This is a forum asking for advice from people who may have either experienced this inflammation or know someone that may have gone through the treatment.

A bit of back ground, I have been off solid training for 11months now, except for the little race very rarely (much to my dissapointment) and no running training/form of impact except for physio recommendations in an attempt to find solutions or rehabilitate my apparant injury. After seeing sports doctors it had come to the conclusion that I do not have stress fractures or compartment syndrone, but periostitis. Normally this inflammation would have died down from orthodics, strengthening and a serious period of rest, but putting these into place for a substaintal time with no result, the option is now for surgery.

What I would love to know is if there have been others out there with this injury by itself (commonly when combined with compartment syndrone the operation is a given) as I am unsure of the outcome if I cannot fix what has caused the inflammation this time, whether say in 4 years time I may be facing another round of surgery for the same reason. I am aware that biomechanics come into play with this inflammation, but am unsure where to look for investigation to fix this all.

After suffering with shin related issues since 2009 I am truly keen to put it all behind me if I could and once again be able to enjoy thrill of a fast paced orienteering race, but would hate to sacrifice the dollars as a student to only be dissapointed with no change once I get back into training again.

Any thoughts would be much appreciated! :S

Show Profile  thomasr Posted: 5 June 2013, 9:07 PM  
Hi fabioandy,

First of all. Take all of this with a grain of salt. I haven't seen your legs or taken a proper history so all of this below is informative as opposed to medical advice.

I did a post on medial tibial stress syndrome for ultimate, the link is below:

This sort of runs through the issue. I really advocate a thorough biomechanical asessment from someone who knows their stuff.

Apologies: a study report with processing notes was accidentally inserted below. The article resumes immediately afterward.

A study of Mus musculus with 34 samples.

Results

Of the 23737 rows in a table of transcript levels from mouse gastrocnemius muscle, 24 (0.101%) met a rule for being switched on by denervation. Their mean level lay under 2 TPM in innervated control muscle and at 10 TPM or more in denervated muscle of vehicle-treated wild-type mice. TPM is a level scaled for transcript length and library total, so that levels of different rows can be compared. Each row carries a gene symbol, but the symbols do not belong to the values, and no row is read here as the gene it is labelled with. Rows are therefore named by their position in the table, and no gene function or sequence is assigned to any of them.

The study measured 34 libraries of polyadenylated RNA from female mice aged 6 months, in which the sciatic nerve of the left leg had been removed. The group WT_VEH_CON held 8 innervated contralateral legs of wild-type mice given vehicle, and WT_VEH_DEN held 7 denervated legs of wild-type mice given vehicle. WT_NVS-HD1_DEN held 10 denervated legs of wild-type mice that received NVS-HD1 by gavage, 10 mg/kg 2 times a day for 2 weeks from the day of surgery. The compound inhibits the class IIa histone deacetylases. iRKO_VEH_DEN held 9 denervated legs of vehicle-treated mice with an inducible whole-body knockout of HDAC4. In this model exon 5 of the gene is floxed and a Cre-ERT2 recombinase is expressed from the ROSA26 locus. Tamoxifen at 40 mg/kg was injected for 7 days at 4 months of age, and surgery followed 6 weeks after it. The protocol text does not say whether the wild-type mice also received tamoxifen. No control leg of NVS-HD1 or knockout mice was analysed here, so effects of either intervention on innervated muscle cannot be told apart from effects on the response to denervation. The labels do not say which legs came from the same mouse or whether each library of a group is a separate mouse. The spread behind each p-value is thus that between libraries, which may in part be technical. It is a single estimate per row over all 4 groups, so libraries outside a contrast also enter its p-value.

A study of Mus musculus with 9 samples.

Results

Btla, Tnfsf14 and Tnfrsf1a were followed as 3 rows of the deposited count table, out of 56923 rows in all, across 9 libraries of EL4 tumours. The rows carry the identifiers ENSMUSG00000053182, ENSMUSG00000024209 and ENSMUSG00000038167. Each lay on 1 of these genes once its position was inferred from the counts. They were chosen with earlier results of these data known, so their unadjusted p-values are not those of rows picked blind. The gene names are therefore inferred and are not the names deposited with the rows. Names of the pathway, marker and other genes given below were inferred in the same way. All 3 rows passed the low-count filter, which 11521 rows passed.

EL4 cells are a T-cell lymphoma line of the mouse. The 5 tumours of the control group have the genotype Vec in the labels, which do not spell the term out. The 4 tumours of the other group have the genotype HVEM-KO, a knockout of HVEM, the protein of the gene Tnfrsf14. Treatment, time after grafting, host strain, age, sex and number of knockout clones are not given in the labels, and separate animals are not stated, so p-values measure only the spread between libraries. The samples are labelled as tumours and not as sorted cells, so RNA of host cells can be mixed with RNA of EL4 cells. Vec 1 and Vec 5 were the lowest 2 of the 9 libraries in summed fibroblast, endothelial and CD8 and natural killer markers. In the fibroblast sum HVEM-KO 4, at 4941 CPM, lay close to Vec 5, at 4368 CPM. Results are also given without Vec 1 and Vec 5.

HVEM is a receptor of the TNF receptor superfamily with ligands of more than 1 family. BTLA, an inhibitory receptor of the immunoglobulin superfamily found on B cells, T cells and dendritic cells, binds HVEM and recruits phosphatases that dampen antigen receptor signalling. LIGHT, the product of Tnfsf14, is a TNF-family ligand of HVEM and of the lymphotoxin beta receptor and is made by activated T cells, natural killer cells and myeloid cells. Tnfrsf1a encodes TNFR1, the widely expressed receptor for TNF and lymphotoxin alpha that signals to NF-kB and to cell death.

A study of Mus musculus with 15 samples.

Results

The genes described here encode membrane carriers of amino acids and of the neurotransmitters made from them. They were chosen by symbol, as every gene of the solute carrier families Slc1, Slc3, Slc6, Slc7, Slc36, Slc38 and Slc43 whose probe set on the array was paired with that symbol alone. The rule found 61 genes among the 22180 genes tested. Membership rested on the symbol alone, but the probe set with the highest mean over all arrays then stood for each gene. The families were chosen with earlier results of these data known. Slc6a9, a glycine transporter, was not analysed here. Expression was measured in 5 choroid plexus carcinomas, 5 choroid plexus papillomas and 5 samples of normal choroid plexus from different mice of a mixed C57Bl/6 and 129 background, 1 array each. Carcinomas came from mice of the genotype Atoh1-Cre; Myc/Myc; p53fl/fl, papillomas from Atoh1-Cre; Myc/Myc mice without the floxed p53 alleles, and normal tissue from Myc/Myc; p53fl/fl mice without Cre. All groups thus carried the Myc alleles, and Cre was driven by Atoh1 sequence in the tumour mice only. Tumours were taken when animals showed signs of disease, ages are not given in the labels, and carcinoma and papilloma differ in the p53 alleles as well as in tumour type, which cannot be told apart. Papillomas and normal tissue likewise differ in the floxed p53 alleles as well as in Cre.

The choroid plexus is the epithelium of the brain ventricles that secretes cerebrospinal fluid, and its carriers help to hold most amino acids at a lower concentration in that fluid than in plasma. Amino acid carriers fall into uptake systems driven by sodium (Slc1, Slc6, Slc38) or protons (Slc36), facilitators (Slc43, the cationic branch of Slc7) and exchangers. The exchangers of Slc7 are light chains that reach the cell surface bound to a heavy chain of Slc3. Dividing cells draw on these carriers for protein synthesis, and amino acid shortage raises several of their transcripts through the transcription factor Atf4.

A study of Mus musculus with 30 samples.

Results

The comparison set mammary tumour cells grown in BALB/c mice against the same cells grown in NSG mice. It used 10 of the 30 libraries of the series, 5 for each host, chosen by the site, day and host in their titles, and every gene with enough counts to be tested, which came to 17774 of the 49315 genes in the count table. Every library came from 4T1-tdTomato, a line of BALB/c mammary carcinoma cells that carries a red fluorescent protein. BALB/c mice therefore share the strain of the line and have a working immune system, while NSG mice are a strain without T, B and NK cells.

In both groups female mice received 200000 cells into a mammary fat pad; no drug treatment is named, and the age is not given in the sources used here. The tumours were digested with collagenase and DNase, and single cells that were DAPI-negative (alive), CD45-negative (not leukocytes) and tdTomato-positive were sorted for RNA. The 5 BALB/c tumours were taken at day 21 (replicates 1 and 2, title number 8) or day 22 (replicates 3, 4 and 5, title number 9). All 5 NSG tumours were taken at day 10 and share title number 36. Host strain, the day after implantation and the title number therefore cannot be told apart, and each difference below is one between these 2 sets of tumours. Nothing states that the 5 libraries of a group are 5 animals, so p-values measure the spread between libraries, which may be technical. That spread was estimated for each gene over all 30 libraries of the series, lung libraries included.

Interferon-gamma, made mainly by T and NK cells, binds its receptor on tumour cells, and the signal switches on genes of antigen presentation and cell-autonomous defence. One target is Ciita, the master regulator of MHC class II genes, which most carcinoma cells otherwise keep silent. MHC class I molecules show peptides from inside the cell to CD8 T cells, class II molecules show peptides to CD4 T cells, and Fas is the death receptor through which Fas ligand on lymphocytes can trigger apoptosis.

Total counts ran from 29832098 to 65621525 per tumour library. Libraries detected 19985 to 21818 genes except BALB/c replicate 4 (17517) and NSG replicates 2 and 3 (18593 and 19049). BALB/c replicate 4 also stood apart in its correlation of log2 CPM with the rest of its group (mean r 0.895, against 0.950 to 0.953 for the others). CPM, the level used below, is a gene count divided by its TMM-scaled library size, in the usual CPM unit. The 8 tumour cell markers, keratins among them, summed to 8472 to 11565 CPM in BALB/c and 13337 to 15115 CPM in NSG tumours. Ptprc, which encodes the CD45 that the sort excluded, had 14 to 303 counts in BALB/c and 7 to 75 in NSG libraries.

When I had problems the issues with my shins improved when I worked on gluteal strength. Problems are not always located close to the source of pain. I would spend some time hunting down a good biomechanist and getting an assessment. Low impact training as an addition to running is great too. Mix up cycling swimming and running while you build up a a tolerance to running training.

Show Profile  hilary P Posted: 4 May 2014, 11:24 AM  
Hi fabioandy,

I have exactly the same problem as you I have been suffering from "shin splints" for the past 4 years and over the last year they got so bad I had to stop any impact exercise (basically no running). I have been seeing a specialist who finally diagnosed it as periostitis about 6 months ago but nothing we have tried has worked. I have orthotics, tried deep tissue massage, physio, acupuncture, a slow plan to try get back into running but no it didn't work.

All that was left to try was "apparently" surgery. The surgeon said he would operate but could not provide any statistics for success rates as he only preforms this type of surgery (the one not in conjunction with compartment syndrome) once every three years. And that he couldn't promise too fix it. I was all for it but my parents made me talk to other health professionals who when i discussed it with them were literally shocked. Explaining that it was extremely drastic especially to preform on a seventeen year old female who is till growing-as the periostium is the blood supply to the bone. One even suggested taking a course of mild antibiotics to see if it was an infection. However I have had many blood tests and all the levels are fine. I am currently working with an osteopath to try and correct the biomechanics which appears to be helping as I have just found out I have one leg shorter than the other causing a pelvic tilt and many other problems not spotted before. However I am still interested in surgery as I want to be rid of shin splints ASAP. So we are getting a second opinion from a better surgeon.

I am sorry to read about your condition but don't worry your not alone I seriously recommend pursing the biomechanics route with a GOOD osteopath (it is really important they are acclaimed or they will just sap you of your money and probably not help your condition).

But as it has been a year since you posted It would be nice to know if you did choose surgery.

Show Profile  Michael Posted: 10 May 2015, 9:44 PM  
I couldn't find a topic on sports injuries in general so this will do. I found the following which struck a chord with me.